DJERBA, Tunisia - They came from three continents to the festival of El Ghriba, one of Judaism’s oldest synagogues, which has survived wars, pirate raids and a terrorist attack three years ago by an al Qaeda fanatic.
“El Ghriba has always been miraculous,” a bearded patriarch in a flowing robe explained amid the chant of Talmudic prayers in the synagogue, which has been shrouded by legend and mystery since biblical days.
This year, with 4,000 Jewish pilgrims in an Arab country, El Ghriba and Tunisia are sending a message of “brotherhood, tolerance and reconciliation” transcending international politics. Although the survival of the synagogue is not in doubt, Tunisia’s ancient Jewish community has shrunk from 120,000 in 1948 to 1,000 on the island of Djerba and a few in Tunis.
Yet Dr. Gabriel Kabla, a Djerba-born Jewish activist living in Paris, said, “We were here before the Bible. There isn’t a square meter of Tunisia which has not been marked by Judaism.”
The festival usually takes place 33 days after Passover. Because of the raw memory of the terrorist attack that killed 19 and injured 20 in April 2002, Tunisian police threw an armed cordon around the village of Hara Sghira where the synagogue is located. All pilgrims were searched for explosives.
Pipes shrilled and drums rolled as a procession singing religious chants snaked through narrow alleys lined with white-walled, flat-roofed houses.
Ululating, traditional Arab cries of women accompanied the march.
An island of 18 by 17 miles, Djerba (sometimes spelled Jerba) is off Tunisia’s eastern coast below the Gulf of Gabes, linked with the mainland by a four-mile causeway built by Romans two millennia ago. The causeway is still in use.
Two Roman emperors were born here. For centuries, it served as a pirate hide-out. Today it has 140,000 inhabitants, 300,000 palm trees, 350 mosques, 14 synagogues, about 50 hotels and a small Catholic church in the middle of the alleys of Houmt Souk, its largest settlement, announcing Sunday Mass in French, Italian, German and Polish, the languages of most visitors who knock on its doors.
Djerba is one of Tunisia’s major tourist destinations because its climate and beaches permit a day in the sun virtually the entire year. It consists of three worlds: that of its synagogues and the Jewish faithful; that of the teeming market of Houmt Souk, redolent with the smell of grilled mutton, spices and mint tea; and the world of luxury hotels along the golden beaches.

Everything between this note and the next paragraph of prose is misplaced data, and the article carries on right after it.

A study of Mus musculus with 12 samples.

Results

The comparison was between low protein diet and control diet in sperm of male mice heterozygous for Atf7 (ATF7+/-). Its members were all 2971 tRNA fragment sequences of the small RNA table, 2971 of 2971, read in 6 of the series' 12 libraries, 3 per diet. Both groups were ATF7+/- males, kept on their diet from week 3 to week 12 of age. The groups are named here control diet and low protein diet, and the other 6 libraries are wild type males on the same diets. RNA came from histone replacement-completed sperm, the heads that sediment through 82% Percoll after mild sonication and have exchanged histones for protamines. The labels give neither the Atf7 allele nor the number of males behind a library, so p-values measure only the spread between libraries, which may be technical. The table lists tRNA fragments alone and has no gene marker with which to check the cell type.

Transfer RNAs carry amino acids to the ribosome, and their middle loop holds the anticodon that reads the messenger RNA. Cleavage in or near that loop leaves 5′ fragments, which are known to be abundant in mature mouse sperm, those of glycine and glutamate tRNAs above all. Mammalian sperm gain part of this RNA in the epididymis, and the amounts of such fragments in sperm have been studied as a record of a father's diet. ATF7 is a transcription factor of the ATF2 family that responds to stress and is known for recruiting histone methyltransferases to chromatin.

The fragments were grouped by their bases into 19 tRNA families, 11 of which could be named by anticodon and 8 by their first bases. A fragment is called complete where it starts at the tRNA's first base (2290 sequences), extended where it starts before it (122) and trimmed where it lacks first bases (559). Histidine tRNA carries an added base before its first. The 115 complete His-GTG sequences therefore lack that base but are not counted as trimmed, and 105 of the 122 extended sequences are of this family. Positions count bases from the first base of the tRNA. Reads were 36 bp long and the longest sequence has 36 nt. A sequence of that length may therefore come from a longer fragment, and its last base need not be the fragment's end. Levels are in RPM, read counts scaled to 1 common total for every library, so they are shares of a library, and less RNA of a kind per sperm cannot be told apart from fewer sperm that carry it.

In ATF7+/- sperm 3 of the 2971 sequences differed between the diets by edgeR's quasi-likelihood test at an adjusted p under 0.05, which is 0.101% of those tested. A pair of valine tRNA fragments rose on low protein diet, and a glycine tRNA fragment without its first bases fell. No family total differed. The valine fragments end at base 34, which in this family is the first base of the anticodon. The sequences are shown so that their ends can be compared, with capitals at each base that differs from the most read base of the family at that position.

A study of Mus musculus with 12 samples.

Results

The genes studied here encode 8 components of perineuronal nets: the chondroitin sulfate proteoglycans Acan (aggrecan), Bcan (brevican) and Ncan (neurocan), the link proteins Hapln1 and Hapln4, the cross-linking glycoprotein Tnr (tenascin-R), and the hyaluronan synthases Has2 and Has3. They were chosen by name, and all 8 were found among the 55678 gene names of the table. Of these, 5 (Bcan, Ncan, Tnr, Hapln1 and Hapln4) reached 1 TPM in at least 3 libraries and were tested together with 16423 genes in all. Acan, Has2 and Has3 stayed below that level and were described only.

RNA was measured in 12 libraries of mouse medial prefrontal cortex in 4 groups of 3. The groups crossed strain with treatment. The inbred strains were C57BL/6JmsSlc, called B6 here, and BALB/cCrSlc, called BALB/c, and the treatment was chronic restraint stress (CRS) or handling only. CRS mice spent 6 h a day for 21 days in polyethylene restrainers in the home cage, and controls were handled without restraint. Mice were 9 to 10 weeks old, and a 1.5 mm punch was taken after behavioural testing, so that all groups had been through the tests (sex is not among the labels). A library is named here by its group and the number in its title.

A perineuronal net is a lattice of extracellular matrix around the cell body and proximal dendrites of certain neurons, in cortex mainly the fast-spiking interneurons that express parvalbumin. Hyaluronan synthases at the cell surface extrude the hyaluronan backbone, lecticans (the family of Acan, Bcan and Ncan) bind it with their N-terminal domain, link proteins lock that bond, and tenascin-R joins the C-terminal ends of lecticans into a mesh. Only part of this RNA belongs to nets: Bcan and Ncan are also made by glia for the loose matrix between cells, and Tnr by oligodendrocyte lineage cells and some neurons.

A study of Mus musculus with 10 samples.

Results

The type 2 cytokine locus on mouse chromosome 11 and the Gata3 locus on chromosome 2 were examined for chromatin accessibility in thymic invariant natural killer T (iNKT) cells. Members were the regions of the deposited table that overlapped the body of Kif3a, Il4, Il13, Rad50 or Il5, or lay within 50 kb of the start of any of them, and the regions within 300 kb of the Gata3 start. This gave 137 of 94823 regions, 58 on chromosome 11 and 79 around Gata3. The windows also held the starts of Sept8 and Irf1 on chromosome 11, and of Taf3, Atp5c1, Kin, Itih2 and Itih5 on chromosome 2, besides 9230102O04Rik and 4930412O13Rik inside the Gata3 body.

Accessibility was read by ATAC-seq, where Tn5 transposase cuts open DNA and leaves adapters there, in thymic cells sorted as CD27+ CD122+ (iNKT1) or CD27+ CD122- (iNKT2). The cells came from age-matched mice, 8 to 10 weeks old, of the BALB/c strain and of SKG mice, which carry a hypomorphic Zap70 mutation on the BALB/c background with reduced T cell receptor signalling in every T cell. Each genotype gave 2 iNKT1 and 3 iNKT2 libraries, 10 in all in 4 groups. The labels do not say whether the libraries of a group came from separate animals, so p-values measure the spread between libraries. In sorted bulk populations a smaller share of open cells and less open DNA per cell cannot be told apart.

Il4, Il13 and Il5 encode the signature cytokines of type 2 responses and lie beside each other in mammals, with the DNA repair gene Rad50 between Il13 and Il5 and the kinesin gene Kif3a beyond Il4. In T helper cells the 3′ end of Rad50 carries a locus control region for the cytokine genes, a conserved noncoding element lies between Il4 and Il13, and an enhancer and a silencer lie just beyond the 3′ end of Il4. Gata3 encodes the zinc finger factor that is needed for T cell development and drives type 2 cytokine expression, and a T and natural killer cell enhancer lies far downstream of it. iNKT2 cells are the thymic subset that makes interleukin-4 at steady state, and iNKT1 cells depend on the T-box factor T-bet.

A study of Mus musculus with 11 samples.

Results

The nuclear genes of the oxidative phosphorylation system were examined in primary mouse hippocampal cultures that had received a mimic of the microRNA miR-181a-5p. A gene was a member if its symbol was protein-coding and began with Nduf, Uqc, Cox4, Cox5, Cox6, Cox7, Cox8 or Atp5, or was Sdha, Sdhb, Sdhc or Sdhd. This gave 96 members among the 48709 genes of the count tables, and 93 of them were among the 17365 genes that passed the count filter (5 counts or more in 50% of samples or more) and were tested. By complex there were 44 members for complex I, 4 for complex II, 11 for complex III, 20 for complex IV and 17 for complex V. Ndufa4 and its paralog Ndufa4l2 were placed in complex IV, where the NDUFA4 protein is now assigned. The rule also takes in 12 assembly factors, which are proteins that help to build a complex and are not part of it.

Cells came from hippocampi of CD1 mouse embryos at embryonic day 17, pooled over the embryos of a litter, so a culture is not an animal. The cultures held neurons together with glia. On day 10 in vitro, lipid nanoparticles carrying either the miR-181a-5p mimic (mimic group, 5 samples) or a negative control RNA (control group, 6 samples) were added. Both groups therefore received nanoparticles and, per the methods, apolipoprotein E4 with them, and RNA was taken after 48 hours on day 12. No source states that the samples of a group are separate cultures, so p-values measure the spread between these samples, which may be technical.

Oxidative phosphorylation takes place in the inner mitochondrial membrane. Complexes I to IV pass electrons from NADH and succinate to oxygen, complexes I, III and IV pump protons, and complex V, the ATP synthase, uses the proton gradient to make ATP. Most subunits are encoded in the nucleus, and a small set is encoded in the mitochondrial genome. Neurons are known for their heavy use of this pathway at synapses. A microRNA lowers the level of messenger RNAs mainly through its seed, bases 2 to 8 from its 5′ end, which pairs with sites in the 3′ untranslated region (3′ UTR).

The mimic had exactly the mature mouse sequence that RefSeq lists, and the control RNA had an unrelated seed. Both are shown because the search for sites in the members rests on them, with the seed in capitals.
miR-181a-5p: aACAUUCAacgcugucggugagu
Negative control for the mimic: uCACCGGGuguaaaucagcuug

Most foreign visitors to the island land at the international airport in the middle of sands where the terminal’s impeccably white buildings rise like a desert mirage. They are driven to one of the glass-and-marble hotels filled with the chatter of affluent European visitors tired of industrial noise and gray skies.
The tourists are everywhere — on camels, donkeys, bicycles, in the alleys of Houmt Souk with their stalls of silver trinkets, handmade leather sandals, straw hats and carpets. Fish mongers raise their latest catch over their heads, shouting the price.
Although Hara Sghira and Hara Kebira are two main Jewish settlements, Muslims also live there in apparent harmony. “There is no difference between us, no conflict, and it is time the world understood this,” said Dora Bouchoucha, a Muslim film producer who has a small house near El Ghriba.
On the second day of the El Ghriba festival, the ancient synagogue was filled with pilgrims, either Djerba-born or their descendants living abroad.
Although they removed their shoes according to tradition, old women in colorful garb carelessly spat watermelon pips and dropped the remnants of their sandwiches on the floor while a rabbi recited the Torah.
According to legend, El Ghriba was founded six centuries before Christ, around the time the Babylonians destroyed the Temple of Solomon in Jerusalem, when a holy stone fell from the sky and a mysterious woman — Ghriba — indicated the place where a synagogue was to be built. It eventually gained fame as a “miraculous” site throughout North Africa and the Middle East.
“I am one of those who never left Tunisia,” said Dr. Jean-Pierre Liscia, a dentist from Tunis. “This festival is significant because it shows that Judaism can live in an Arab country.”
Tunisian Jews began leaving the country in several waves: After the creation of Israel in 1948; after Tunisia’s independence in 1956; after the battle for Bizerta between Tunisia and France in 1961; and then as a result of the Six-Day War between Israel and its Arab neighbors in 1967. The main reasons were the restrictive economic policies of the previous government.
In recent years, the government appealed to Tunisian Jews to “resume their ancient links with the open, tolerant country of theirs,” and for “reconciliation of the sons of Abraham.”
Few have returned to live here, but every year about 15,000 expatriate Tunisian Jews vacation in Tunisia. Tunis Air, the government airline, will serve kosher meals aboard if notified in advance, which is an unprecedented act by an Arab company.